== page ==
A rationale for continuing mass antibiotic distributions for trachoma

Kathryn J Ray12*, Travis C Porco13, Kevin C Hong1, David C Lee1, Wondu Alemayehu4, Muluken Melese4, Takele Lakew4, Elizabeth Yi1, Jenafir House1, Jaya D Chidambaram1, John P Whitcher1567, Bruce D Gaynor15 and Thomas M Lietman1567

Author Affiliations

1 Francis I. Proctor Foundation, University of California, San Francisco, USA

2 Mathematics Department, San Francisco State University, USA

3 Department of Public Health, San Francisco, USA

4 Orbis International, Addis Ababa, Ethiopia

5 Department of Ophthalmology, University of California, San Francisco, USA

6 Department of Epidemiology & Biostatistics, University of California, San Francisco, USA

7 Institute for Global Health, University of California, San Francisco, USA


Published: 7 August 2007



The World Health Organization recommends periodic mass antibiotic distributions to reduce the ocular strains of chlamydia that cause trachoma, the world's leading cause of infectious blindness. Their stated goal is to control infection, not to completely eliminate it. A single mass distribution can dramatically reduce the prevalence of infection. However, if infection is not eliminated in every individual in the community, it may gradually return back into the community, so often repeated treatments are necessary. Since public health groups are reluctant to distribute antibiotics indefinitely, we are still in need of a proven long-term rationale. Here we use mathematical models to demonstrate that repeated antibiotic distributions can eliminate infection in a reasonable time period.


We fit parameters of a stochastic epidemiological transmission model to data collected before and 6 months after a mass antibiotic distribution in a region of Ethiopia that is one of the most severely affected areas in the world. We validate the model by comparing our predicted results to Ethiopian data which was collected biannually for two years past the initial mass antibiotic distribution. We use the model to simulate the effect of different treatment programs in terms of local elimination of infection.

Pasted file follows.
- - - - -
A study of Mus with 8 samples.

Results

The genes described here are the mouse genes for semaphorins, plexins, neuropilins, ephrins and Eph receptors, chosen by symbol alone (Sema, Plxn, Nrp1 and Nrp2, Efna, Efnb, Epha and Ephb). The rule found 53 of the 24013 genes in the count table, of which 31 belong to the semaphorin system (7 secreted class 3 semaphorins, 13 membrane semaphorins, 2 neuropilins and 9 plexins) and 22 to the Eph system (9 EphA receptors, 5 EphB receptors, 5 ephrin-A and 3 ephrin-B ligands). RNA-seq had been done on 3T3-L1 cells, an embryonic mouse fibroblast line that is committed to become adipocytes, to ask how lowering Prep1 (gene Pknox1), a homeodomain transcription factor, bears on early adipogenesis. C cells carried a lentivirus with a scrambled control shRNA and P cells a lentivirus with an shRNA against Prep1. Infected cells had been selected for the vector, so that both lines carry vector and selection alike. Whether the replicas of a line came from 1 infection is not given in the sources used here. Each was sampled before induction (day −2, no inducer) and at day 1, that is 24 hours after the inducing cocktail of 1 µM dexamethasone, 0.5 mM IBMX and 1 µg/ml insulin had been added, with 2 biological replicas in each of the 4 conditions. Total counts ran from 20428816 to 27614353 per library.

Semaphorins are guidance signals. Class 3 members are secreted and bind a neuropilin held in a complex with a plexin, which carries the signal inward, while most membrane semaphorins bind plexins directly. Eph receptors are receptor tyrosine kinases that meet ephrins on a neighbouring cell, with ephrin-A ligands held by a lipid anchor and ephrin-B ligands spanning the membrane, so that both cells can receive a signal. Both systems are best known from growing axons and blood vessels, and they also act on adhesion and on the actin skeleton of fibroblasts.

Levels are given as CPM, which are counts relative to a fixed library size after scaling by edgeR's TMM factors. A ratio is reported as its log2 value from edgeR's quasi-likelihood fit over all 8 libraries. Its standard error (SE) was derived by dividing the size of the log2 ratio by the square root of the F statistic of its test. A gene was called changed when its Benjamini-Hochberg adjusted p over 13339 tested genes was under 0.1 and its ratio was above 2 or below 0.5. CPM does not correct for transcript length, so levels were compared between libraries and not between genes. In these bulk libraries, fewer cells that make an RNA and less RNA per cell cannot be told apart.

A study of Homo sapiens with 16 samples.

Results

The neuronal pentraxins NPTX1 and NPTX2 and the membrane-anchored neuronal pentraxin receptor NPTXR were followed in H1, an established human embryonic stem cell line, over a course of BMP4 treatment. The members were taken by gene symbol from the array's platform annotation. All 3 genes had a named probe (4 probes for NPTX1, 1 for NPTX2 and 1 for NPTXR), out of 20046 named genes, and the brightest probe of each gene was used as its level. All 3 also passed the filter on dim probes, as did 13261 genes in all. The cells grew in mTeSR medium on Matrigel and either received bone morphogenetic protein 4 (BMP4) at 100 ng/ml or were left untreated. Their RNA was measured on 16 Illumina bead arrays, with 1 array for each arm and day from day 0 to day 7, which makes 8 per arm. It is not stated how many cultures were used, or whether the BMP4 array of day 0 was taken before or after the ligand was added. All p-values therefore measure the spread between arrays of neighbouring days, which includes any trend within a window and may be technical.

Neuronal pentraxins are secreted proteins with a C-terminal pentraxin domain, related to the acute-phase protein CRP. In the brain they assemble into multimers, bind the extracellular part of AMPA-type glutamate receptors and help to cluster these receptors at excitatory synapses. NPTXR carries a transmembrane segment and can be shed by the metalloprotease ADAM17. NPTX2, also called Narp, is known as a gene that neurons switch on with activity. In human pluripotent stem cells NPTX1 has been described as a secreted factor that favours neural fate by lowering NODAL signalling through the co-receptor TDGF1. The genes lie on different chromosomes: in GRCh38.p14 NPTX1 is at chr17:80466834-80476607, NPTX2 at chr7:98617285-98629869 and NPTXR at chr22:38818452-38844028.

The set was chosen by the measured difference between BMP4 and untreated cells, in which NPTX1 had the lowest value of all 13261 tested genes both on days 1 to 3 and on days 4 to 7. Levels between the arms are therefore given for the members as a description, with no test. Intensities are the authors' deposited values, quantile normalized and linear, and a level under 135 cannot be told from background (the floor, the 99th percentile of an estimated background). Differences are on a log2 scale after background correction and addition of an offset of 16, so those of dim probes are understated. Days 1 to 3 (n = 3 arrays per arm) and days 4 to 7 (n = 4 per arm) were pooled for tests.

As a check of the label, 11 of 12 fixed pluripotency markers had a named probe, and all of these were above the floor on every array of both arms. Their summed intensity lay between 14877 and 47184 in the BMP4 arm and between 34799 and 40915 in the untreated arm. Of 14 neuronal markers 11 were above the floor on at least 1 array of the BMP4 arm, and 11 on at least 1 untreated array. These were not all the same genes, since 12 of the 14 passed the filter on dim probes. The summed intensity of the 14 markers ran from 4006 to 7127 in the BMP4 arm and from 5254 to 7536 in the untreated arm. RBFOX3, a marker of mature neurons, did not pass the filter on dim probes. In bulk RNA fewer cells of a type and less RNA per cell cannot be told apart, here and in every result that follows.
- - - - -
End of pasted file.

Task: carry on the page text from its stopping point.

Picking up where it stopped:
Simulations show that the average prevalence of infection across all villages progressively decreases after each treatment, as long as the frequency and coverage of antibiotics are high enough. Infection can be eliminated in more villages with each round of treatment. However, in the communities where infection is not eliminated, it returns to the same average level, forming the same stationary distribution. This phenomenon is also seen in subsequent epidemiological data from Ethiopia. Simulations suggest that a biannual treatment plan implemented for 5 years will lead to elimination in 95% of all villages.


Local elimination from a community is theoretically possible, even in the most severely infected communities. However, elimination from larger areas may require repeated biannual treatments and prevention of re-introduction from outside to treated areas.